Guy in Shorts wrote:Being too busy protecting the Vermont power grid from Russian hackers to ski or respond the last few days. The laptop in question was hooked up to the corporate network at Burlington Electric which like every company in the country is connected to the internet. The job of any IT dept is to monitor and clean off malware that finds its way in. The computer system used to control the power grid in the City of Burlington was not impacted. These systems we run are never connected to the internet and are run as a secure stand alone system. I can’t operate their breakers and the operator there can’t operate mine. My bunker like building is designed to protect me from any possible threat physical or electronic threat. Like working behind 6 foot thick concrete walls, bullet proof glass and bomb blast doors. Each of the control rooms just like mine have their own secure protected system. Every difficult to hack into one system but then you would need to hack into control rooms in other states to gain control of the power grid. Large blast electronic pulse or a nuclear bomb are the big game changers that are hard to defend against but that job falls to the military and The Donald. There was not a real story here only the Washington Post running with a story without fact checking.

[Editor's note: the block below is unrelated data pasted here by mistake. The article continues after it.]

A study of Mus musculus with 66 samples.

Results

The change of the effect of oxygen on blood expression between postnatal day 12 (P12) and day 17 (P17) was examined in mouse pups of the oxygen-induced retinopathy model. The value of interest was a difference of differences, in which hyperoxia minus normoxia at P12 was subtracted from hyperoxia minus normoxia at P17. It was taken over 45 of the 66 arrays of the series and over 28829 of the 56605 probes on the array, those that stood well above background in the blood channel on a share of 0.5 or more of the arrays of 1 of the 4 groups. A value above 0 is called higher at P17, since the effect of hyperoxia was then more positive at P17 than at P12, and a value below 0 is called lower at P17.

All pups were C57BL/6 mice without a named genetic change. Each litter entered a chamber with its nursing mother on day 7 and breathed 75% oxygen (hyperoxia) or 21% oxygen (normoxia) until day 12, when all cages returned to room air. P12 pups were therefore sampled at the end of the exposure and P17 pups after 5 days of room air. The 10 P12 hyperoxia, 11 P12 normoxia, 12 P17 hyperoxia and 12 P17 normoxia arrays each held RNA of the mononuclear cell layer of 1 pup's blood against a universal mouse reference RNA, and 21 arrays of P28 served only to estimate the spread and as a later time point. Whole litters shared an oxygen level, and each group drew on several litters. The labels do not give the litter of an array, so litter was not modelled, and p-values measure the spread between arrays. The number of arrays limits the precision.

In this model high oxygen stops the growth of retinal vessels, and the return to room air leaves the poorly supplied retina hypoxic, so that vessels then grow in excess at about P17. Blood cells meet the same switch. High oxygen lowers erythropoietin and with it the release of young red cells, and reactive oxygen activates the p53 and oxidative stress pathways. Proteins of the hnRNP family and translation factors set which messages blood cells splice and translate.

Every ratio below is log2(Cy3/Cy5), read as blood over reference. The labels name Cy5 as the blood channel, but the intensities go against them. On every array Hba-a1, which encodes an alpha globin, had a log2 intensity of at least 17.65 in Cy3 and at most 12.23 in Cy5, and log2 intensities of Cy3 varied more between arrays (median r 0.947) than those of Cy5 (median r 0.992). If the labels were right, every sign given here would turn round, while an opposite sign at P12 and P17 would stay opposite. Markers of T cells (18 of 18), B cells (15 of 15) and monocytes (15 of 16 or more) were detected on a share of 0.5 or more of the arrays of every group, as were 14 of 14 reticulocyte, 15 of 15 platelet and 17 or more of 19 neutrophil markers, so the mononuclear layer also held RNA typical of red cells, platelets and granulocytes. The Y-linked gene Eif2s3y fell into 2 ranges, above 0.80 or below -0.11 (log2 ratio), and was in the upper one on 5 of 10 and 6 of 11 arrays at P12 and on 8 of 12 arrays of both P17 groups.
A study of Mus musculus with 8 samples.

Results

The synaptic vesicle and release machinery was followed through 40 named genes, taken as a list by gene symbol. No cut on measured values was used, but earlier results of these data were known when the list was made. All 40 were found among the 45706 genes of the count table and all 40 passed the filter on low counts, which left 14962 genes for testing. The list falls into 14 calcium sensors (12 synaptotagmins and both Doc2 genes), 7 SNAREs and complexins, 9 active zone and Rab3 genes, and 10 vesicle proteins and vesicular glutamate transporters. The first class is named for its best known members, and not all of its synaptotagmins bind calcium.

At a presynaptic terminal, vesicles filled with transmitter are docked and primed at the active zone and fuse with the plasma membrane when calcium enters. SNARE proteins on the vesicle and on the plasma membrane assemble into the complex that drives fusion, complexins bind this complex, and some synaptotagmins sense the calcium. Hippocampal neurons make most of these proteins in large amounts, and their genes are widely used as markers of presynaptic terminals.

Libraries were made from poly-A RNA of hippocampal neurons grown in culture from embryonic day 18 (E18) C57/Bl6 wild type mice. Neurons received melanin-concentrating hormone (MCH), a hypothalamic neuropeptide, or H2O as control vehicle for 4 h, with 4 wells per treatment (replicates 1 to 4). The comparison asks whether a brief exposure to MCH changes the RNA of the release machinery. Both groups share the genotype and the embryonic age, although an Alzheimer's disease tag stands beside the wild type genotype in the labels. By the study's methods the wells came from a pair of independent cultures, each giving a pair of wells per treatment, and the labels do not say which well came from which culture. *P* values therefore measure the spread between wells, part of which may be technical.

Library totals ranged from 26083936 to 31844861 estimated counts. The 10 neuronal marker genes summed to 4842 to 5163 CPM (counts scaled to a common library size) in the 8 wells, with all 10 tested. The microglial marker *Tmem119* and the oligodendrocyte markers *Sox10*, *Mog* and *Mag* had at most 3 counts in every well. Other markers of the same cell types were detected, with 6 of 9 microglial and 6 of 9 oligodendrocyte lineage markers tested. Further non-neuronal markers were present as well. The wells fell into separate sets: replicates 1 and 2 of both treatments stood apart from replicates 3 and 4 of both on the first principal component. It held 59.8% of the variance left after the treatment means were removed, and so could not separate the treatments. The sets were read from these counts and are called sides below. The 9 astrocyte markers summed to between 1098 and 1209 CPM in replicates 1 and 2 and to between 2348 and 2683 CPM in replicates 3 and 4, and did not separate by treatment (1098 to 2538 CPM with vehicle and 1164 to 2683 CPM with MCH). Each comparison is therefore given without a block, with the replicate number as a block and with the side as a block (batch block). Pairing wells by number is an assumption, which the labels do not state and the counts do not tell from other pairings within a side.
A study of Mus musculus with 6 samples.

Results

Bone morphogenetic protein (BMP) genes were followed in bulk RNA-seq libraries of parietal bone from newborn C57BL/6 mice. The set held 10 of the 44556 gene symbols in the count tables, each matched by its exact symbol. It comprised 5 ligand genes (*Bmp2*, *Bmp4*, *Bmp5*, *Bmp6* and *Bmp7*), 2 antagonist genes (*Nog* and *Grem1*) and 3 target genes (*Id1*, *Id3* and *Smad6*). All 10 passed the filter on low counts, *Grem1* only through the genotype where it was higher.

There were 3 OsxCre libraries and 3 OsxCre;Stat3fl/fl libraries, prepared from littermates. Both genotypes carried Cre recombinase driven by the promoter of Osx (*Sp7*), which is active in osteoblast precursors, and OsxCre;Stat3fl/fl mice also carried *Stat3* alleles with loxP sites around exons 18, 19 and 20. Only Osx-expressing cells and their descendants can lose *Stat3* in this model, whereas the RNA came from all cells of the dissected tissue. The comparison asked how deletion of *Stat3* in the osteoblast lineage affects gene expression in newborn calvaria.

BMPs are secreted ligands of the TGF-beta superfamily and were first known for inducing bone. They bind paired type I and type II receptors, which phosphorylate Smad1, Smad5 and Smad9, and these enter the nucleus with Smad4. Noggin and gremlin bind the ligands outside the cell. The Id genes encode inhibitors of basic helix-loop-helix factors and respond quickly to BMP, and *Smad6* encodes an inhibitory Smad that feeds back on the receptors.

If the laptop was never hooked to the net, how did it supposedly get infected.
Or was it NEVER actually infected.
Not disputing what you are saying but then why do the government wonks make it seem like if you get into a single laptop, that you could take down whole sections of the power grid.
They are obviously lying to us, yes ? No ?
He said the laptop was on the Corporate network and thus would have access to the internet.
Government wonks, in many cases, don't know what they're talking about. If you ever meet someone in the private sector they will tell you exactly that. From what I've heard, the gov't are not the cyber experts. This is why the DoD outsources a lot of it's most technical work (think SIGINT and Snowden) to specialized consulting firms. Same reason why we learned yesterday the FBI relied on due diligence performed by CrowdStrike, rather than perform their own independent inquiry. It's funny how there are rules and regulations on SEC filings on the reliance of third-parties around the highest-risk areas of financial statement attestation, but when we're talking about the election being comprised, FBI just relies on someone else without doing their own independent analysis to corroborate CrowdStrike's conclusions.
Anyway, an attack on industrial control systems / manufacturing facilities is highly-sophisticated, but not impossible. Most companies in energy, chemical, etc. have strict policies and controls to prevent such attacks (e.g., ISO, NIST, etc.). Companies in these industries are not mom-and-pop companies with no controls ... think of how Pharma's are regulated around the manufacturing of drugs or clinical trials ... energy/chemical are similar. Not sure GIS can confirm, but likely his team is required to meet or exceed many of these standards for their controls ... I'd guess they qualify as a Federal Information Systems and Organization given their role, but I might be wrong.
Siemens, Emerson, GE, etc. are all heavily involved in control systems security space as manufacturers as well.